Alfredo Navarette-Alejo, nurse and night shift supervisor at Countryside Rehab and Healthcare Center not only had to work through the rigorous LPN curriculum, but also started from scratch with a brand new language. Originally from Cuba, Navarette-Alejo studied the English language for three years. However, this barrier didn’t deter him, and his bilingualism has since benefited many Countryside Rehab residents and their families. Navarette-Alejo finished earning his LPN license in 2016. Soon after, he started applying for nursing jobs, and was quickly snatched up by Countryside Rehab.
He explained that knowing each day he can, “get things done and solve problems,” “see a patient smile,” and “provide and and make a difference for somebody,” motivates him to show up each day with the right attitude.
Along with healing medical care, Navarette-Alejo’s ministry—so to speak—is to bring light and life into patients’ lives through laughter. “My major thing is make the patient laugh. I do anything you can imagine to try to make them feel at home with family, to try to make them laugh. . . If they’re enjoying my company and laughing, then they know they can count on me and that I’m on their side.”
At the same time, as a supervisor to the nurses on staff, Navarette-Alejo has a more serious, firm side, as the residents’ well-being is the number one priority. “I joke with people, but I am stern if you’re not doing your part or paying attention.” In this way, he practices the core value honesty. He explained the importance of being honest and frank with your team, while not giving into micromanagement.
Through it all, he stressed the importance of core values passion, compassion, and integrity. “You have to be passionate, or there’s no way you’re going to do quality work. If you don’t get out everyday knowing you’re doing the right things and making a difference for somebody, then get out [of the industry]. You do it because you’re making a change for somebody. . . Treat someone the way you’d want someone to treat your mom, your grandma. . . If you don’t have that compassion to be there for these people when they need you the most, then don’t do it. We’re in the people business, you’re not packaging things, selling things, etc, we’re working with human beings,” he explained.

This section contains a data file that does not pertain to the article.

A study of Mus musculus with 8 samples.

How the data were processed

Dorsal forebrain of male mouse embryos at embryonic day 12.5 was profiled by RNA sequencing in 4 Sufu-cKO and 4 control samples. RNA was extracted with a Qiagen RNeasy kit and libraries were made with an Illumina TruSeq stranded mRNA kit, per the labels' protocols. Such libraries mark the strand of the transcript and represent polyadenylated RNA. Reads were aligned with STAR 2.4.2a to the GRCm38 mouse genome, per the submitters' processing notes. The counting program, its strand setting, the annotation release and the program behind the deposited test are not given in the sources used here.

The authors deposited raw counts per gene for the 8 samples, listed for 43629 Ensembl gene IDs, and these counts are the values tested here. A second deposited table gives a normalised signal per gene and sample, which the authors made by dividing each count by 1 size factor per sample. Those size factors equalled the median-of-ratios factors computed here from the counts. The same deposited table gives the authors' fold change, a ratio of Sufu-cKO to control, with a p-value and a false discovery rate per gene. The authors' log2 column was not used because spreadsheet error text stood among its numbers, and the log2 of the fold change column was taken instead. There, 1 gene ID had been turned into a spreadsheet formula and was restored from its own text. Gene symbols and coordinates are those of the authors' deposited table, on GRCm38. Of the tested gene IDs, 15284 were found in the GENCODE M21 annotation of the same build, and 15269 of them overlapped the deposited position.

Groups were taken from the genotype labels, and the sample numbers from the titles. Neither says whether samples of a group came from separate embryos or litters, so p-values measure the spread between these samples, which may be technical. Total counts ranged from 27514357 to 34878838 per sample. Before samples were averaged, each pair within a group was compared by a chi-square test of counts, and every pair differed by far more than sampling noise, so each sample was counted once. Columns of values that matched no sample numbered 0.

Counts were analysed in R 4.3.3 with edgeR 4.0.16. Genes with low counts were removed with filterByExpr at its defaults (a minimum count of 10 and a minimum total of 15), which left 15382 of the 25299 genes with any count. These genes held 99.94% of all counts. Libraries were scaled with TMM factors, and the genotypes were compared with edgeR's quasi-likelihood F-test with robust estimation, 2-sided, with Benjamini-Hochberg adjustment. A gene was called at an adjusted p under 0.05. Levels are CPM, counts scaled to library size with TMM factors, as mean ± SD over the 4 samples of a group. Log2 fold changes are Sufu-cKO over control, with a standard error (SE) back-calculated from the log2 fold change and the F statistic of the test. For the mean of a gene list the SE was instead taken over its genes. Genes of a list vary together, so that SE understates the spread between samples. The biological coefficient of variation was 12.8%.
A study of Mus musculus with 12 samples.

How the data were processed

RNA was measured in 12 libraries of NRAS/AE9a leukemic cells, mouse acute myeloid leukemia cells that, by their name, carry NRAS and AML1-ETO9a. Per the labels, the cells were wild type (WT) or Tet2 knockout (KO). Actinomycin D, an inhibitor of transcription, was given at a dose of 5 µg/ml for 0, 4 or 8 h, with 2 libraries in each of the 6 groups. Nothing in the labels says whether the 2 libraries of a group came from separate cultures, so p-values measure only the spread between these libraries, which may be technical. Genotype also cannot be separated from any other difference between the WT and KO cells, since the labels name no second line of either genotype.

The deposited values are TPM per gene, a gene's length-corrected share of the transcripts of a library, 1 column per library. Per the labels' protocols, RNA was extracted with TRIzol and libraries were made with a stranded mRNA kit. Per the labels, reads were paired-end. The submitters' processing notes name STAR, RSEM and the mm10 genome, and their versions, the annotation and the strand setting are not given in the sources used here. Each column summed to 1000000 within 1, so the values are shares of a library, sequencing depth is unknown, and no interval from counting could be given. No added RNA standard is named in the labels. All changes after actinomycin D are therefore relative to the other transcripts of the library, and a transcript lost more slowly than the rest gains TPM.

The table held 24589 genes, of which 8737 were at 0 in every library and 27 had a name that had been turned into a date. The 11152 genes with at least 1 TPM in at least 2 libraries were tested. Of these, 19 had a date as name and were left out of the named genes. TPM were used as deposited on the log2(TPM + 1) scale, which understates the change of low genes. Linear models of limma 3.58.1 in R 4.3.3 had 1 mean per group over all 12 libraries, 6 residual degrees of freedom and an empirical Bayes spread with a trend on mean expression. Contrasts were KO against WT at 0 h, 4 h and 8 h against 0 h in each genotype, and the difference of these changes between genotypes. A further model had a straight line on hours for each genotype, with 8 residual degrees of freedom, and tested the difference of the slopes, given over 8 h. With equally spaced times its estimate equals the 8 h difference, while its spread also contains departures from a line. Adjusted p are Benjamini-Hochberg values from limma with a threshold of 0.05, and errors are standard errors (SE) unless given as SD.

He astutely articulated how integrity and respect intertwine: “Do the right thing, do your best. That’s a form of respect for yourself.”
Andrea Mattern, RN/MDS at Countryside Rehab selected Navarette-Alejo for recognition in this spotlight with a glowing nomination. She said, “Alfredo is always ready to go above and beyond to help any staff or resident that needs it. Alfredo will work as not only a supervisor, but also picks up shifts as a floor nurse and a CNA. Alfredo is also in school to become an RN. He is very passionate about making sure the residents get the care they need and deserve. He is helpful in translating with Spanish speaking residents. Alfredo gets frequent compliments from staff and family members as someone they know they can turn to whenever they need anything. I personally know I can count on Alfredo in emergency situations, he is ready to help wherever he’s needed.”
Regardless of where his future carries him, Navarette-Alejo believes that he was “called to care,” and wants to continue a more “hands-on” approach in the senior health care world, rather than working behind an office desk. He said: “I like to be a nurse on the floor, be hands-on, helping with patients directly. . . checking in with patients, figuring things out and hitting it on the nail what’s wrong, and then go to the doctor. Sometimes I give suggestions to the doctor, and that is gratifying.”
These days, his ultimate goal is to become an RN. He spoke how deeply his past and current patients have impacted him, and mentioned a more personal thread that further connects him with his residents. “My grandma has some of the same mental conditions as my patients. I called her today and told her, ‘You’re my little star.’ She’s in critical condition and not doing very well. She has survived strokes, and we thought she wouldn’t make it many times. . . Because I’m not always able to be there for her, I try to be there for others.”
When Navarette-Alejo isn’t working to bring joy into residents’ lives, he spends quality time with his family, including his fianceé, a “beautiful nurse,” who shares his passion for healing and caring for others. He also enjoys visiting the beach, jet skiing, hanging out with friends, watching movies, and renting cars on a local racetrack. “On the racetrack, I like to drive really fast to satisfy my desire for that, since I’m always really strict with driving the speed limit and respecting the law. My coworkers get frustrated when they drive behind me… I’m a very careful driver, I’ve never gotten a speeding ticket,” he said, laughing.